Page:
Japan’s Ministry of Economy, Trade and Industry (METI) is considering proposals to lay subsea power cables to connect demand centres with offshore wind projects as part of a push to expand renewable energy projects in the country.
An expert panel from METI was scheduled to hold its first meeting about the plan on 15 March, according to a document on its website. The project could cost as much as 1 trillion yen ($9.2 billion) but is cheaper than running cables over land, which requires expensive and time-consuming negotiations in land-scarce Japan, Nikkei reported on 13 March.
If Japan moves ahead with the plan, it would be following the lead of Europe, where there are several high-voltage direct-current cables that are tens or hundreds of kilometers long.
Prime Minister Yoshihide Suga has set a target of net-zero greenhouse gas emissions for Japan by 2050. To reach that goal, Japan will need to use more renewable energy in the power sector, which makes up about 40% of the country’s emissions.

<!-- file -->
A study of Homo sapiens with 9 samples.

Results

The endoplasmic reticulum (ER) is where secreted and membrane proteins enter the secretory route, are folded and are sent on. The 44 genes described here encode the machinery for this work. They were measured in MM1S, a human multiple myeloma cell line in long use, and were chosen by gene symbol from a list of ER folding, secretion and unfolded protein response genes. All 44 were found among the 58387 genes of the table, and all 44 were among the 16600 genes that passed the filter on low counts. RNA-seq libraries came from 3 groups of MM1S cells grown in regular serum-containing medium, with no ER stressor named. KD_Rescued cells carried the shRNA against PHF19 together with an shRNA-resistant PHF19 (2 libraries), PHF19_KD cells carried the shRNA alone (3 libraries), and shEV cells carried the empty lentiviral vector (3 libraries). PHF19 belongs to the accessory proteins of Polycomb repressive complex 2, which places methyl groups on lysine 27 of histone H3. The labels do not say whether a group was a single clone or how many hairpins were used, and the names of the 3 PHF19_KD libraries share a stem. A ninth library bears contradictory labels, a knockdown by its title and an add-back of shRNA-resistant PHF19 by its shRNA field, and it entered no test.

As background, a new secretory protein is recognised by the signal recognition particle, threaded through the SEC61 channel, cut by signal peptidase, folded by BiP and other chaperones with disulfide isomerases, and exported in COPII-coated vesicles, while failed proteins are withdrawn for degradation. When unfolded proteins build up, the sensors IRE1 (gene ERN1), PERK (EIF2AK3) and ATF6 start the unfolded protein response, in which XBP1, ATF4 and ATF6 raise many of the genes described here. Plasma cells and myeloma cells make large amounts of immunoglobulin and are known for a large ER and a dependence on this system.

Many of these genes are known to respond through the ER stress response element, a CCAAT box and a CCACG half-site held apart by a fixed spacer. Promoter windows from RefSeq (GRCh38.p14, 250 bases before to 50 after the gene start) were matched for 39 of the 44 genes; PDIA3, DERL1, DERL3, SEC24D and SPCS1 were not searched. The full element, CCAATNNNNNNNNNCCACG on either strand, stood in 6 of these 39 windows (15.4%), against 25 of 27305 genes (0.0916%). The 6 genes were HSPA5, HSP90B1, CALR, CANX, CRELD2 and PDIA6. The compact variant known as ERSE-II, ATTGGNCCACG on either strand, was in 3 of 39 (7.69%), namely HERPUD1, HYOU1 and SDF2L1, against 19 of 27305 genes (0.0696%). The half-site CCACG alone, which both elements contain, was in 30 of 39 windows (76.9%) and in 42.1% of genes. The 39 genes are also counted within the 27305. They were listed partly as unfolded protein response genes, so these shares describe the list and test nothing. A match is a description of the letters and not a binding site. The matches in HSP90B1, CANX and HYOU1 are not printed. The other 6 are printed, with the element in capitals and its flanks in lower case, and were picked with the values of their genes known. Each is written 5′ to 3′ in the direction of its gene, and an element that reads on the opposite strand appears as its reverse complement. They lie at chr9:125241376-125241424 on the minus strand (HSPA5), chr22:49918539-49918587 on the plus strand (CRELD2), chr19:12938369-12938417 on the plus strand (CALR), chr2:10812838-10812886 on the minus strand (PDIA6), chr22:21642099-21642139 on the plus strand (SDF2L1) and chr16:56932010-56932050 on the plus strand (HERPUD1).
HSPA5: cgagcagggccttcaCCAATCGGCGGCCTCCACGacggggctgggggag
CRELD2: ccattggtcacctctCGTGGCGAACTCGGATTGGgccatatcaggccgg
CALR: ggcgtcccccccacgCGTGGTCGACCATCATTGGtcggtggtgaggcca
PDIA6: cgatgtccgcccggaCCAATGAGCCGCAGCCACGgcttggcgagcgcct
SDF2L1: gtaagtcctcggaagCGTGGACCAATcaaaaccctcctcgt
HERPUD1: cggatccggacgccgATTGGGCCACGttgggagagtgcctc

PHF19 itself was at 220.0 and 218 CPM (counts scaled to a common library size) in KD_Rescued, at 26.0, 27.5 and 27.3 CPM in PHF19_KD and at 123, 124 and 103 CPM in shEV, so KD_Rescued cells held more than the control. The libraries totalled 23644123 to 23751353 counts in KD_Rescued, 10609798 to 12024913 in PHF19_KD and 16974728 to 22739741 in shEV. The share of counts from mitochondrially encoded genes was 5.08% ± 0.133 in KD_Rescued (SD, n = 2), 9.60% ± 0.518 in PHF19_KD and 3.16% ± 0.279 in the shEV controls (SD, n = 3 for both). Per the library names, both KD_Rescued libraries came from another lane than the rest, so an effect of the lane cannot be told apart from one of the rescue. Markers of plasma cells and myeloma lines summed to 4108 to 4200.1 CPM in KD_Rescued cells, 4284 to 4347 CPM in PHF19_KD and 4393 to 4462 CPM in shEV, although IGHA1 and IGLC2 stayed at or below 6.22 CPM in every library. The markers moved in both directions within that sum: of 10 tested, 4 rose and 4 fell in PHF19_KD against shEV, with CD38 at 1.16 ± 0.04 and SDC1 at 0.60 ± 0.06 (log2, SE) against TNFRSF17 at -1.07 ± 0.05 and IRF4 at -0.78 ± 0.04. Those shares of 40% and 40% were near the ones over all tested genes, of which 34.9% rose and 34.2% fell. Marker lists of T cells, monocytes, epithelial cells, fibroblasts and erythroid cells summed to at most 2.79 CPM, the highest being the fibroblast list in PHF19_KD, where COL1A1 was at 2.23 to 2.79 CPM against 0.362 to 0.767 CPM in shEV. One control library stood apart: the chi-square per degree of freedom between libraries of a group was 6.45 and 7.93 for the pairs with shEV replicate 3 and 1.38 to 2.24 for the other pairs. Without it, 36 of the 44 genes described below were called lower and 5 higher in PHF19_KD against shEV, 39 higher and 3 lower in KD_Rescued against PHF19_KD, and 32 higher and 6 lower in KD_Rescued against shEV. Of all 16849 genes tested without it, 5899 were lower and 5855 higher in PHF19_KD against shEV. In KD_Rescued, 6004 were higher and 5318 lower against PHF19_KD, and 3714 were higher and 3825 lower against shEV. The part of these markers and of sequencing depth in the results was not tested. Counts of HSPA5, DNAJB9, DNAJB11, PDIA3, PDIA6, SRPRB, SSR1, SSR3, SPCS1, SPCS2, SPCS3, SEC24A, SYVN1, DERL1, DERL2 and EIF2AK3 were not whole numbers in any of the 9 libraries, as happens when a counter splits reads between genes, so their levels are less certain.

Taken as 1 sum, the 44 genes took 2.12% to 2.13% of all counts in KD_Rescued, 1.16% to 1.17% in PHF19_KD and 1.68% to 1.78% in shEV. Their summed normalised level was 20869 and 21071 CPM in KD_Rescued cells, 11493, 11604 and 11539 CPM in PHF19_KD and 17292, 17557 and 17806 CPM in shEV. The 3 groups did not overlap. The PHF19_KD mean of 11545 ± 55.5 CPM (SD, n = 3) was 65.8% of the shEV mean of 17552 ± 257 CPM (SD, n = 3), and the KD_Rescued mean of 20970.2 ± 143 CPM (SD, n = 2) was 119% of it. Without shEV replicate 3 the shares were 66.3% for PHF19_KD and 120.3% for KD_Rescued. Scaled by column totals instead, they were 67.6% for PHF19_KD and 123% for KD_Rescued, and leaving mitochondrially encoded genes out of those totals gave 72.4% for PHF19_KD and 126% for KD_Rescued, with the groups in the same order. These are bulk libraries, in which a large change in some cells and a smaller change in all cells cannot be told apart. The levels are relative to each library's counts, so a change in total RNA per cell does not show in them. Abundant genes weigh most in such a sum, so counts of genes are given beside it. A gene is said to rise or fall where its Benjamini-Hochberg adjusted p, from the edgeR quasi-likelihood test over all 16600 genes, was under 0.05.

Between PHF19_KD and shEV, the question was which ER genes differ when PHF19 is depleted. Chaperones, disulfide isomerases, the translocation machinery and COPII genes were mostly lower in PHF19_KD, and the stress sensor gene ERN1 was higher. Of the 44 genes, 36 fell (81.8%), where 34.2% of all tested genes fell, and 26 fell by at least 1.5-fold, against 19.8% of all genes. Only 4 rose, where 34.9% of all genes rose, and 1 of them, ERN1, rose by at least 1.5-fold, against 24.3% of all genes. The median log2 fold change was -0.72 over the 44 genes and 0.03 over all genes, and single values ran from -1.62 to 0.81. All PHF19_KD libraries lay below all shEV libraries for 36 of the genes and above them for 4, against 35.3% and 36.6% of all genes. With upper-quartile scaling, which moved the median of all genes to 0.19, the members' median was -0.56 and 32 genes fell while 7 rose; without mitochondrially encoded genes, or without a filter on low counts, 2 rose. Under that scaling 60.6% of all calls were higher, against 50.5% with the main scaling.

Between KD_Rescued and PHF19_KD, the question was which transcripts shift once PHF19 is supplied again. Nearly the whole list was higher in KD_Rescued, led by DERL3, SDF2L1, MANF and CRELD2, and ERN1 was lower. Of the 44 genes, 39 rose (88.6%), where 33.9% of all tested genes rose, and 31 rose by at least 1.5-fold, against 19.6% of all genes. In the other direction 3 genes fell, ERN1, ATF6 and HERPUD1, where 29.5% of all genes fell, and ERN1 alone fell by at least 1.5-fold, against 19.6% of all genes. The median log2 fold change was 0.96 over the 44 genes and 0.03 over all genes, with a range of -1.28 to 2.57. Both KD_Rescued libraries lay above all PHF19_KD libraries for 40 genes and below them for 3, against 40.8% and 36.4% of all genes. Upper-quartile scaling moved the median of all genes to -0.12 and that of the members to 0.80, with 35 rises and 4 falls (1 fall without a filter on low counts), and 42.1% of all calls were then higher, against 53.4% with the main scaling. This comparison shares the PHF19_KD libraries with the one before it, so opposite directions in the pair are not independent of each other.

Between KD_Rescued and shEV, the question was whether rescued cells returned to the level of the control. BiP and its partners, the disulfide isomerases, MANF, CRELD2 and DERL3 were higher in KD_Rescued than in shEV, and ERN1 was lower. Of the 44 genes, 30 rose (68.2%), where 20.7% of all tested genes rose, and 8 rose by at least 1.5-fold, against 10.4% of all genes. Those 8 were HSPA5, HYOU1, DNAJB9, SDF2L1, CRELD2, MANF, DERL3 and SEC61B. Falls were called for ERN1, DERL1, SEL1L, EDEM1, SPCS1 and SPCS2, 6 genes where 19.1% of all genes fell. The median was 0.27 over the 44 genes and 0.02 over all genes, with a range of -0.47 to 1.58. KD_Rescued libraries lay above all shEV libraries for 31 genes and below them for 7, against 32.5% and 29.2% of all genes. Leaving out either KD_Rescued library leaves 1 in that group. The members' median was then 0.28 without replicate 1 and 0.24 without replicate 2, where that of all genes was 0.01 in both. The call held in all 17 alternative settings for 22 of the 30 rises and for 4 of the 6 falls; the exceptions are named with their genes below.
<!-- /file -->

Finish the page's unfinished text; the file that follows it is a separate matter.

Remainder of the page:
Japan is seeking to more than quadruple offshore wind capacity to as much as 45 gigawatts in 2040 from 10 gigawatts in 2030. Hitting that goal will require a vast expansion of a sector that currently has 20 megawatts of capacity and Japan will need to attract both domestic and overseas investment.
About 80% of that offshore capacity is expected to be built in Hokkaido, Tohoku and Kyushu regions, which will need a way to ship the power to the major demand centers in the Tokyo and Kansai areas.
Offshore wind, along with hydrogen and ammonia, are viewed as crucial sources of energy to help Japan achieve its 2050 decarbonisation target, as the densely populated nation has limited onshore space for wind and solar development.